Results for the Orange County register of deeds primary elections will be announced May 17. 

Mark Chilton, who currently serves in the role, will face opponent Penny Rich. Without a Republican challenger for the general election, the winner is set to hold the upcoming four-year term, which will begin in 2022. 

The register of deeds is responsible for recording and gathering records of real estate and land parcels, as well as business and personal documents. The office handles a variety of records, such as mortgages, marriage licenses, property deeds and birth certificates. 

Chilton said that, although it sounds like a boring bureaucratic job, it can also be exciting. 

“I derive a lot of joy from helping people find the answers that they're looking for,” he said. 

Rich said she thinks the two most important parts of the job will be customer service to make sure constituents get the help they need, as well as stewardship of deeds and documents for county businesses and residents. 

“This job is really a focus on people,” she said. "It really is a focus on making sure that you are giving people the best customer service you possibly can."

Both candidates have considerable experience in local government. 

Starting in 1991, Chilton served on the Chapel Hill Town Council as the youngest official elected to public office. He then served as Mayor of Carrboro from 2005 to 2013, and was later elected as register of deeds in 2014. He's been in the role ever since. 

Rich has been working in public service since 2001 and has served on the Orange Water and Sewer Authority Board of Directors, the Chapel Hill Town Council and on the Orange County Board of County Commissioners.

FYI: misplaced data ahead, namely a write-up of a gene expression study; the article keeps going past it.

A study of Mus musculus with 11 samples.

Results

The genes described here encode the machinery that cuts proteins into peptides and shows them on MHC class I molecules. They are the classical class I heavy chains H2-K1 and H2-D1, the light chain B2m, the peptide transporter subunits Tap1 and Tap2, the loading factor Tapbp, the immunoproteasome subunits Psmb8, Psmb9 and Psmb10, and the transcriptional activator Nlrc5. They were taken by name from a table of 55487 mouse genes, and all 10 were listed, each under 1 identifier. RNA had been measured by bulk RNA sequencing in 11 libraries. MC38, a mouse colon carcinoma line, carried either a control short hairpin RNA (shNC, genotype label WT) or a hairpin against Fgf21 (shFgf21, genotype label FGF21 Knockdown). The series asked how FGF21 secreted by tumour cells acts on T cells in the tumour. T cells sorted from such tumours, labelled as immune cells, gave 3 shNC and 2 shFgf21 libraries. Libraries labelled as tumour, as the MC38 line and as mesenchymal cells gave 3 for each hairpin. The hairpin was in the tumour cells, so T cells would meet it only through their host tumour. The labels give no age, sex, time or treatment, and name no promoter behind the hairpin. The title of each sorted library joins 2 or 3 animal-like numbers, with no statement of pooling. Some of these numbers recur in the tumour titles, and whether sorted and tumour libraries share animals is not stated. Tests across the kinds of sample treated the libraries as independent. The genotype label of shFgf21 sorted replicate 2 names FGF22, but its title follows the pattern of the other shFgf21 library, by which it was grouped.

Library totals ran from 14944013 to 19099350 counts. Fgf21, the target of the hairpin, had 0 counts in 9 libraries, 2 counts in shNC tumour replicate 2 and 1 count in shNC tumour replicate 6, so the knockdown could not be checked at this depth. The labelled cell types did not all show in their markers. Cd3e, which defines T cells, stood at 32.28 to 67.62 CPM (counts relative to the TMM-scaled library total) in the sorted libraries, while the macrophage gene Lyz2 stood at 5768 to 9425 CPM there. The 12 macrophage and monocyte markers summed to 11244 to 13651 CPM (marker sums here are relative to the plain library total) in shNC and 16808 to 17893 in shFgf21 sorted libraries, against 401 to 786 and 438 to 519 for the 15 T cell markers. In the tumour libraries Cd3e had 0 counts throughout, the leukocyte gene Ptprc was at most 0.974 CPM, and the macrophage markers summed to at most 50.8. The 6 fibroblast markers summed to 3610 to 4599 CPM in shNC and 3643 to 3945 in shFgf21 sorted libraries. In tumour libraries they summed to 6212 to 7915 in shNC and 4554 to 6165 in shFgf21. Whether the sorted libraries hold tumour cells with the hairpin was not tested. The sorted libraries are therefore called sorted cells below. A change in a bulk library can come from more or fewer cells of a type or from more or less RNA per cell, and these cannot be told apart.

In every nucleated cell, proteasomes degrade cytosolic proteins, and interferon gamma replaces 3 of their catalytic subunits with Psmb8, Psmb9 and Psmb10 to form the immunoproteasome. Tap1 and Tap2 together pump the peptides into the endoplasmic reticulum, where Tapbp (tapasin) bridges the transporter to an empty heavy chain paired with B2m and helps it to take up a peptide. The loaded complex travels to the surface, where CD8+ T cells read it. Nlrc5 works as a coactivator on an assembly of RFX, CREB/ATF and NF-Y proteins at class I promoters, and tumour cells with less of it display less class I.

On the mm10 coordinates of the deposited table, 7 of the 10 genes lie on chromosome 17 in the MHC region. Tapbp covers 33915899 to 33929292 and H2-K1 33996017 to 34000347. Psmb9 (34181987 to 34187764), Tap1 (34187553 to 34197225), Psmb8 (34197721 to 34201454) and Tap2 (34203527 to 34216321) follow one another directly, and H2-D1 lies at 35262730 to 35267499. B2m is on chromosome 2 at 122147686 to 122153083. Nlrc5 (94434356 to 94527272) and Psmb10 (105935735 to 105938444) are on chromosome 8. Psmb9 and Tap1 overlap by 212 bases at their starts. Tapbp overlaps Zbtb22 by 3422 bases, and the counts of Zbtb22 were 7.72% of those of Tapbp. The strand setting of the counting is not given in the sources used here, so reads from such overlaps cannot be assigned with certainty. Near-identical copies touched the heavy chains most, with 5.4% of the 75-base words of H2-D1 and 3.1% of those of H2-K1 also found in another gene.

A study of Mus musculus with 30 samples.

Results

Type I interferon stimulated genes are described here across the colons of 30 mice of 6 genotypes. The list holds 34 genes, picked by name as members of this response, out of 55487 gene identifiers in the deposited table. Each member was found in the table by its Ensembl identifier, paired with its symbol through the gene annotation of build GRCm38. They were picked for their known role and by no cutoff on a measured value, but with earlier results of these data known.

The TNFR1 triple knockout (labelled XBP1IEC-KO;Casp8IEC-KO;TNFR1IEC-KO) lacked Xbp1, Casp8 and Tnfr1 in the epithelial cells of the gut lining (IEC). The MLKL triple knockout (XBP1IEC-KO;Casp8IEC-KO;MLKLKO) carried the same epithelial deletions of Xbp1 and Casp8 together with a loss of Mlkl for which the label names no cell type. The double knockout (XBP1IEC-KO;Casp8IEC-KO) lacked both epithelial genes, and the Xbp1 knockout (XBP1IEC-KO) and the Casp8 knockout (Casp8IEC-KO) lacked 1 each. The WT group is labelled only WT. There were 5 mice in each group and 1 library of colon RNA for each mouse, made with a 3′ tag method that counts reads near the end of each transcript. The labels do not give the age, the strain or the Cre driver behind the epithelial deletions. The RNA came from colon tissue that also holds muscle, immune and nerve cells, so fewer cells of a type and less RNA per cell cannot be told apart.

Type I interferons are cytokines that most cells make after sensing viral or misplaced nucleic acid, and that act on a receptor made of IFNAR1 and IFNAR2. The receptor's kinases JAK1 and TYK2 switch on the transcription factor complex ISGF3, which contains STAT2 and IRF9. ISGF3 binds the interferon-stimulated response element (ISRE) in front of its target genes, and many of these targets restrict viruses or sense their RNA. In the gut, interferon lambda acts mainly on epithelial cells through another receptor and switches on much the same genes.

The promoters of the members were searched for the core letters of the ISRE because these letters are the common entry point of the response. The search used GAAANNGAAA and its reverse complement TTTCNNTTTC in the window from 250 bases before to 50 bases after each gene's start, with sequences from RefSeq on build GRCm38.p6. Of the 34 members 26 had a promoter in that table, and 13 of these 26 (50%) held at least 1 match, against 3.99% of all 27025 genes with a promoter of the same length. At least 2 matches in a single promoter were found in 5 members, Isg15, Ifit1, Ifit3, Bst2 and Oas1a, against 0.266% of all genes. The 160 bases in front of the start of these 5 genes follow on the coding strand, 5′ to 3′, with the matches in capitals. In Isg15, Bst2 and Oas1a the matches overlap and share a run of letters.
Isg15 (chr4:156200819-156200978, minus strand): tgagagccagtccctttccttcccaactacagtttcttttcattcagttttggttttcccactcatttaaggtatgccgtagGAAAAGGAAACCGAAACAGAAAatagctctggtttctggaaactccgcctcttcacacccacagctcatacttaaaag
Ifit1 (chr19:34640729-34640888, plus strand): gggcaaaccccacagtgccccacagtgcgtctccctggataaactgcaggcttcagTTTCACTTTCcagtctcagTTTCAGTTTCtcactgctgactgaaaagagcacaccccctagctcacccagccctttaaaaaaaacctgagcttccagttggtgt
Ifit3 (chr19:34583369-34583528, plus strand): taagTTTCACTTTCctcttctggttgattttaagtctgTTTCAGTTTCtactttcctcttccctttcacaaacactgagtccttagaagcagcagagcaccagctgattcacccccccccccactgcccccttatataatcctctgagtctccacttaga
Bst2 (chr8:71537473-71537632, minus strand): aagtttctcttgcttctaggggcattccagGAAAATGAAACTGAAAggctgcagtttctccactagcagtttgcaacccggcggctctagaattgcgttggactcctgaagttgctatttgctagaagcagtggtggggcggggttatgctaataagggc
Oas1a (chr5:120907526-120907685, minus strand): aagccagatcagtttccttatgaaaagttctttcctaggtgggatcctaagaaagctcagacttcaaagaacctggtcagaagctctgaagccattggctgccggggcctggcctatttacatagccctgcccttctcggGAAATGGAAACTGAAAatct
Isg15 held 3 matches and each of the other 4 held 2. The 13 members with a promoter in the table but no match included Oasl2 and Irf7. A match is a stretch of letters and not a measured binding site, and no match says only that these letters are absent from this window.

Her success as chairperson of the Orange County Board of County Commissioners during the onset of the COVID-19 pandemic in 2020 proves her leadership was effective. 

“People saw this, and they wanted to see if I could translate that leadership into the Register of Deeds office to make this office more responsive, more user-friendly and more convenient,” Rich said. 

If reelected, this will be Chilton’s third term as register of deeds. Over the course of his time in office, he's worked on projects he hopes to continue, such as digitizing Orange County’s pre-Civil War documents and improving the system used to search for documents. 

“We're always trying to think of ways to make our operation more efficient,” Chilton said. “I think that the best way for the register of deeds to serve the people of Orange County — to make sure that we're using as little of the county resources as we can in order to provide a quality service.”

Rich said she is hoping to make records more accessible for constituents. Her campaign is threefold: make the register of deeds office more responsive, convenient and user-friendly. 

She decided to run upon receiving concerns from residents that the website and its interface for finding records can be clumsy and difficult to use, and hopes to update the site if elected. 

“The base of customer service is good technology, updated technology, making sure that folks can use the website and don't stumble,” Rich said. 

Chilton said the current computer and software system is state-of-the-art and has been massively updated from when he was elected as register of deeds in 2014. He said his office is often complimented on their customer service. 

If reelected, he hopes to streamline the process of parcel identification, implement an electronic system for delivering birth and death certificates and, overall, improve office efficiency.

And already, the race is already heating up, with both candidates working hard to earn votes. 

UNC Young Democrats President Megan Wagner said candidates have been doing a good job of making people aware of the election and working on voter outreach. 


“They both have name recognition,” she said. “I’ve seen lots of political signs out for both of them so time will tell.”